I always thought Minnesota was over next to Colorado. I know it's lame, but I'm geographically challenged (wiped out in the first round of my 7th grade geography bee), and that's just where I pictured it. As I discovered not that long ago, Minnesota borders Canada and is nowhere near Colorado. Maybe I thought since they're both cold, they'd be right next to each other on the map. Minnesota is where Laura Ingalls and her family had "The Long Winter" and Colorado is where people go to ski, so they're probably close to each other, right? I also thought Missouri was down near Mississippi. Still not certain where that logic came from, but the point is I'm clearly not meant to be a topographer or a geography teacher. There would be some very confused 14 year olds wondering how to get to Minneapolis if I was at the helm of their land based education.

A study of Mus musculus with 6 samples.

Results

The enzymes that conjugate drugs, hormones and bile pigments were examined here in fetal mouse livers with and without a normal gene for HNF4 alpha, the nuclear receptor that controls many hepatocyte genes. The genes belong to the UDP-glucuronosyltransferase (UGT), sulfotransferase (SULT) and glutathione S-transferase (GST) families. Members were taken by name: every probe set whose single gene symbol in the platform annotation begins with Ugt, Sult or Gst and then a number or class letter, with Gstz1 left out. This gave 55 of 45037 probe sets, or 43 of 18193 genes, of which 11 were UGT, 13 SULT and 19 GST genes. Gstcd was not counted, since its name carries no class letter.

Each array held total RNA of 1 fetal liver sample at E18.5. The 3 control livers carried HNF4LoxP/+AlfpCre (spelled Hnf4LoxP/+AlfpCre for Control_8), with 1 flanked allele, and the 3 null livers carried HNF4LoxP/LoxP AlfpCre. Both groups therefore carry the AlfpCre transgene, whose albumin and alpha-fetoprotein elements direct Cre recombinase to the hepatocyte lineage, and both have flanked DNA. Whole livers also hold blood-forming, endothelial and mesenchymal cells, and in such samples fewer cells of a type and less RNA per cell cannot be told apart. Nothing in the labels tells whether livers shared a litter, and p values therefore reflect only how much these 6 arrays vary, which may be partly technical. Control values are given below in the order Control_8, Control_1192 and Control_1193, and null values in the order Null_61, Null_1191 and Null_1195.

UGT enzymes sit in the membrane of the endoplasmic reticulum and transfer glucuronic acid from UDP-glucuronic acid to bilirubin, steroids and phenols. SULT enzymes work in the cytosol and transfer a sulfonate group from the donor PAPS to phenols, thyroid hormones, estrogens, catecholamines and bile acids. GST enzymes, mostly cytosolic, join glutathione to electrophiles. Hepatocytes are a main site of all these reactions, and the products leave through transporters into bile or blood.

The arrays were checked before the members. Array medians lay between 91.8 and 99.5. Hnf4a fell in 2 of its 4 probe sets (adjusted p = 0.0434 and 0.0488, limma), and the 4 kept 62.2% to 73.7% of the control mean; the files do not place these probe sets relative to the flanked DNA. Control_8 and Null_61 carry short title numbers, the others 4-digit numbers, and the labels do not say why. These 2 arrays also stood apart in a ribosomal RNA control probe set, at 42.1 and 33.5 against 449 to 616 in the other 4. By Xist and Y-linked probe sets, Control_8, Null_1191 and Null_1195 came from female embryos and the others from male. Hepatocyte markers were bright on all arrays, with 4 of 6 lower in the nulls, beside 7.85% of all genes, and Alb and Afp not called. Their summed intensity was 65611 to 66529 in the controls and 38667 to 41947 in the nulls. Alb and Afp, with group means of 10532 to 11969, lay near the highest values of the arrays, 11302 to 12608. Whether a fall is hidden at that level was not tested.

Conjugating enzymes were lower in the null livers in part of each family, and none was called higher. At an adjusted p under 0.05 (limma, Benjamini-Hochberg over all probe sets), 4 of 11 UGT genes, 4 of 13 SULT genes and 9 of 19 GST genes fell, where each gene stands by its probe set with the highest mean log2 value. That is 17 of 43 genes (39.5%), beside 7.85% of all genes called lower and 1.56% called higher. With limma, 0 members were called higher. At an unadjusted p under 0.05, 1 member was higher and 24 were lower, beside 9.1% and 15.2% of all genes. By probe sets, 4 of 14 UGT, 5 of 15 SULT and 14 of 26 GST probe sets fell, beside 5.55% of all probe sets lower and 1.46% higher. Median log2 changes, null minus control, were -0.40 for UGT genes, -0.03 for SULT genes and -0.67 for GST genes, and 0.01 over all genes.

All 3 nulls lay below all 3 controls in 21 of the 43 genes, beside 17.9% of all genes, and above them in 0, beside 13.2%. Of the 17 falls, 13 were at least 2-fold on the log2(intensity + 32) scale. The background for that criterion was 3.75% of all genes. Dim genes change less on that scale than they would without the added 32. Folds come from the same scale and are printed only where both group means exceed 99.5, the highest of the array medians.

It's only marginally comforting that I'm not the only natural science ignoramus out there. In Affluenza, a college kid is quoted as saying, "I thought potatoes grew on trees." I laughed when I read that, but the chuckle petered out when I got to this "Bioregion Quiz":
1. Trace the water you drink from precipitation to tap.I could make wild guesses for most of these questions, but they'd probably be Minnesota answers.
2. Describe the soil around your home.
3. What were the primary subsistence techniques of the cultures that lived
in your area before you?
4. Name five native edible plants in your bioregion and their seasons of
5. Where does your garbage go?
6. Nave five resident and any migratory birds in your area.
7. What spring wildflower is consistently among the first to bloom where
8. What animal species have become extinct in your area?
9. What kinds of rocks and minerals are found in your bioregion?
10. What is the largest wilderness area in your bioregion?